Standing leisurely in the German city of Schwerin is a towering, 13-foot tall bronze statue of Communist leader Vladimir Lenin, a remnant of the country’s divided past, one that may Germans are aggressively ready to forget.
After World War II, Germany was in every way a country divided. The German Democratic Republic (GDR), a Soviet-backed (and tacitly operated) state, occupied East Germany, while the Federal Republic of Germany (FRG) populated West Germany. During this period, a number of monuments dedicated to Soviet interests were erected in East Germany, mainly represented by homages to Lenin. When the wall fell, and German reunification saw the FRG become the ruling party, pushing out the Communist era that many remember as brutal and criminal. The Soviet effigies that remained were quickly torn down, and in the case of one famous Lenin statue that once stood in Berlin, buried in an unmarked grave.
However one hold over from this period remains in the city of Schwerin. A 13-foot statue of Lenin with is hands resting in his pockets, looking generally at ease. Yet however comfortable the former Soviet leader may look, many Germans are not so relaxed about his presence. As one might expect, many Germans, some who lived through East Germany under Communist rule, remember Lenin as a monster and a dictator who used his Stasi thought police to quell political and social dissent, making the statue a real affront. Still, other citizens, the mayor of Schwerin included, see the statue as a reminder of a very real and important part of German history that should not be so easily buried and forgotten.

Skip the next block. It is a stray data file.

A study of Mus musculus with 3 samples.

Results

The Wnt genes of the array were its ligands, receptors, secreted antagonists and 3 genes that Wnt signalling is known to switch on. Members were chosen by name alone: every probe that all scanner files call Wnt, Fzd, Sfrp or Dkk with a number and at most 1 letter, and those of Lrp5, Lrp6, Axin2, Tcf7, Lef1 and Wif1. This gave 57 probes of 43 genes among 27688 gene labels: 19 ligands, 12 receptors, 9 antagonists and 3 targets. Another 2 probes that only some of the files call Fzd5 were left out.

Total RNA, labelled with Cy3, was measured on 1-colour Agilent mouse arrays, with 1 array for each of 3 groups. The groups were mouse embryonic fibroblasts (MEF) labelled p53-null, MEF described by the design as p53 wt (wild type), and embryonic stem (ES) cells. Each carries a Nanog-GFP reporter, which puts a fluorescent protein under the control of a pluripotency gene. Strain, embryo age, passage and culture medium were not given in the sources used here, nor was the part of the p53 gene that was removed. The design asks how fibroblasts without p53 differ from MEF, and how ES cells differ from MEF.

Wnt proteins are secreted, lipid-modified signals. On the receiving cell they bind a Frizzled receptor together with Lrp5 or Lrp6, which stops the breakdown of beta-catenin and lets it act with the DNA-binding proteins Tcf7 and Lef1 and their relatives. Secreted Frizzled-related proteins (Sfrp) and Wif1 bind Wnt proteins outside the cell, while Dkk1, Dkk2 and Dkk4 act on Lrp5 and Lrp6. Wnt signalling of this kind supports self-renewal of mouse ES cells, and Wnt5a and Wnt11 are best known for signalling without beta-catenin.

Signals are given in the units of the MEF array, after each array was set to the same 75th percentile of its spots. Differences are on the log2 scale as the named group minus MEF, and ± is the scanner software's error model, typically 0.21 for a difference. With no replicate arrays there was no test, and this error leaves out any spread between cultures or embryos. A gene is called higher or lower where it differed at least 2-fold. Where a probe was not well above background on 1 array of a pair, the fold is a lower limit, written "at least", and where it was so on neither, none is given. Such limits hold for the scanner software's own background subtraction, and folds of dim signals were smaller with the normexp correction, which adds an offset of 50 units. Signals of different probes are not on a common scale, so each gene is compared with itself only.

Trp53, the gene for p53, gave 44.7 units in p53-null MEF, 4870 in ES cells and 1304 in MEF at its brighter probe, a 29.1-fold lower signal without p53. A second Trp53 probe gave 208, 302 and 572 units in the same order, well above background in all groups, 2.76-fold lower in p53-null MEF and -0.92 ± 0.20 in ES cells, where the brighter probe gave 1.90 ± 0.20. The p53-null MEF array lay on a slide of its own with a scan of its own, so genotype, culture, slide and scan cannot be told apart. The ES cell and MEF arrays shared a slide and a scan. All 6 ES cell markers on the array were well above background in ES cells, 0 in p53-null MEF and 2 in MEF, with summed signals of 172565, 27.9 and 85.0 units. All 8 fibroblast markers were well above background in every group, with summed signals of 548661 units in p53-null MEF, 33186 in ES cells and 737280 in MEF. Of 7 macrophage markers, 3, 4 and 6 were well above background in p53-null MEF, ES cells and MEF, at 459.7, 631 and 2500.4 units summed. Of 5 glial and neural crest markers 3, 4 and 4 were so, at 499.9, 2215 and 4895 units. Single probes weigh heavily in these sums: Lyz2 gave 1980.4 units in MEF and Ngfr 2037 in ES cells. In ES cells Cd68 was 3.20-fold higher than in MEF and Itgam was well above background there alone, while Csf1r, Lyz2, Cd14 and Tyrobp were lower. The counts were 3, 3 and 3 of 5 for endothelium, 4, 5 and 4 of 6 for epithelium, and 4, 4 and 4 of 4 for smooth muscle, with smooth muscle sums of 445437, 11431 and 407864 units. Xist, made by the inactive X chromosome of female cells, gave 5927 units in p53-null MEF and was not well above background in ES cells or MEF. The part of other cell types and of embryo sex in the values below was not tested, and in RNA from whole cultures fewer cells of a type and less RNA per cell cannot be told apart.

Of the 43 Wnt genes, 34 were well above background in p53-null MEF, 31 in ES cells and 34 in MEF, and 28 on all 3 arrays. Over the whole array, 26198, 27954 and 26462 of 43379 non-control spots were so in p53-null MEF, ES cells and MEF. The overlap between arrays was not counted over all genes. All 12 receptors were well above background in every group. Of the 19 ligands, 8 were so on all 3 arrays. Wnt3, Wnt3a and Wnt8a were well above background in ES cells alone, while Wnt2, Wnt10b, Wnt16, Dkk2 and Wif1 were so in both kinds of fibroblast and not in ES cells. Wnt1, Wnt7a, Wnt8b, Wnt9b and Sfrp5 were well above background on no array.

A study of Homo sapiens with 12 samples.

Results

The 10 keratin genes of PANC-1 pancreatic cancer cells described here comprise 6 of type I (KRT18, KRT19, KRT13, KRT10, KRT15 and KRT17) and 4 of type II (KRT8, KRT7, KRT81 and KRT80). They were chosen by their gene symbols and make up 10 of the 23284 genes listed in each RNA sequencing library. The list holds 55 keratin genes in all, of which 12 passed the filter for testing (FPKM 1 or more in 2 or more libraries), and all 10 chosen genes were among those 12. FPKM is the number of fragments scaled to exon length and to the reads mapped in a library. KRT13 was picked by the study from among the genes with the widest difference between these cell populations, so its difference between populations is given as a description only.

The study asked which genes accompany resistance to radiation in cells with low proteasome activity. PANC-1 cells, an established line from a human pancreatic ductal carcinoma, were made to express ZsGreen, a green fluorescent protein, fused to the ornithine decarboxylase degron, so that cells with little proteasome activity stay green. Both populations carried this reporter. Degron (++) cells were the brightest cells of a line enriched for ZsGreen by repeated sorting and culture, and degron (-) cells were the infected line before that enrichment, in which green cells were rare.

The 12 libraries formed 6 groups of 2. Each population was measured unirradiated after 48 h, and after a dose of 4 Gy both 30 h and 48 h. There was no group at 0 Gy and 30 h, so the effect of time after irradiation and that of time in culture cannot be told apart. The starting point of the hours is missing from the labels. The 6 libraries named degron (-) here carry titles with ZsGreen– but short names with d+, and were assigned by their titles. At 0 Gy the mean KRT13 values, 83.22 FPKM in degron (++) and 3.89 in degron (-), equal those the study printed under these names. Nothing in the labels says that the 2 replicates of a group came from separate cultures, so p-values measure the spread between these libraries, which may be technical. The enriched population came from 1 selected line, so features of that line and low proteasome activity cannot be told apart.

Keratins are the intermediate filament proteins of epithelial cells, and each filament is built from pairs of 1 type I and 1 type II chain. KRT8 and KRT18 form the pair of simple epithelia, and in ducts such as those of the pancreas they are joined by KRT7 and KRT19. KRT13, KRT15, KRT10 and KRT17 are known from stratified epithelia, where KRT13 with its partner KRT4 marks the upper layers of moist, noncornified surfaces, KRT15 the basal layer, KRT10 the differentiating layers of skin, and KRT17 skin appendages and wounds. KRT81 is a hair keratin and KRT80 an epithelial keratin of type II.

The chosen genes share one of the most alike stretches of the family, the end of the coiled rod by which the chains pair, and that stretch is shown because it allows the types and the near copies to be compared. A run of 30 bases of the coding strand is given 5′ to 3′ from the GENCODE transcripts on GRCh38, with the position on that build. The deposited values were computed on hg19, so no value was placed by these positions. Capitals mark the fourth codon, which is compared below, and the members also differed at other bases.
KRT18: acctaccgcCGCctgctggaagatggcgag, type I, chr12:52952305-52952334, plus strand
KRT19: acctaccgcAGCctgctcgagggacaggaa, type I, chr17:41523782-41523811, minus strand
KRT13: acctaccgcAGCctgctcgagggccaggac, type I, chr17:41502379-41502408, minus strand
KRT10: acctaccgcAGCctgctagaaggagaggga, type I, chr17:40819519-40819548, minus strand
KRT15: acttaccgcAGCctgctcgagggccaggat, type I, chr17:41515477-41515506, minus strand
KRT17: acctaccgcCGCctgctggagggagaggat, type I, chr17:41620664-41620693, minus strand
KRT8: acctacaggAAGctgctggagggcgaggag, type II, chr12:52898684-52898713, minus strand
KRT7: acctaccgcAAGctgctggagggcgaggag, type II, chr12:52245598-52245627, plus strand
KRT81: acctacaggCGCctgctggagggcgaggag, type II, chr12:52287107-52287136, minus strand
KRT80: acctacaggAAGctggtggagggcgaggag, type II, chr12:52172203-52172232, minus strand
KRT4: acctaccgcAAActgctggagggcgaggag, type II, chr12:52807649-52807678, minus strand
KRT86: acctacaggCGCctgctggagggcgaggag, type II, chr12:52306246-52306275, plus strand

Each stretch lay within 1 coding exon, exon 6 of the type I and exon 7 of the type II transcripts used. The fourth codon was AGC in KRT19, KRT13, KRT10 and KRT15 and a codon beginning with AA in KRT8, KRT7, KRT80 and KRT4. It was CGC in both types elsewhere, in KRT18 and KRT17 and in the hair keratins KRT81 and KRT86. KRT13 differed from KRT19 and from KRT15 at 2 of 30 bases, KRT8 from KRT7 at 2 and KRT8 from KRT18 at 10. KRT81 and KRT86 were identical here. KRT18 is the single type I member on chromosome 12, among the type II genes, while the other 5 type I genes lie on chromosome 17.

While there have been numerous court appeals to have the statue removed, and countless acts of vandalism to its surface, the city continues to argue for the figures importance, saying that they would rather continue to scrub off vandalism than forget their history. The statues original creator, Estonian sculptor Jaak Soans, at one point even offered to melt the Lenin down and use the bronze to make a new monument. Yet still he stands. The city of Schwerin seems to understand the conflicted impulses toward the figure and has installed a plaque in front of it detailing Lenin’s rather grim history.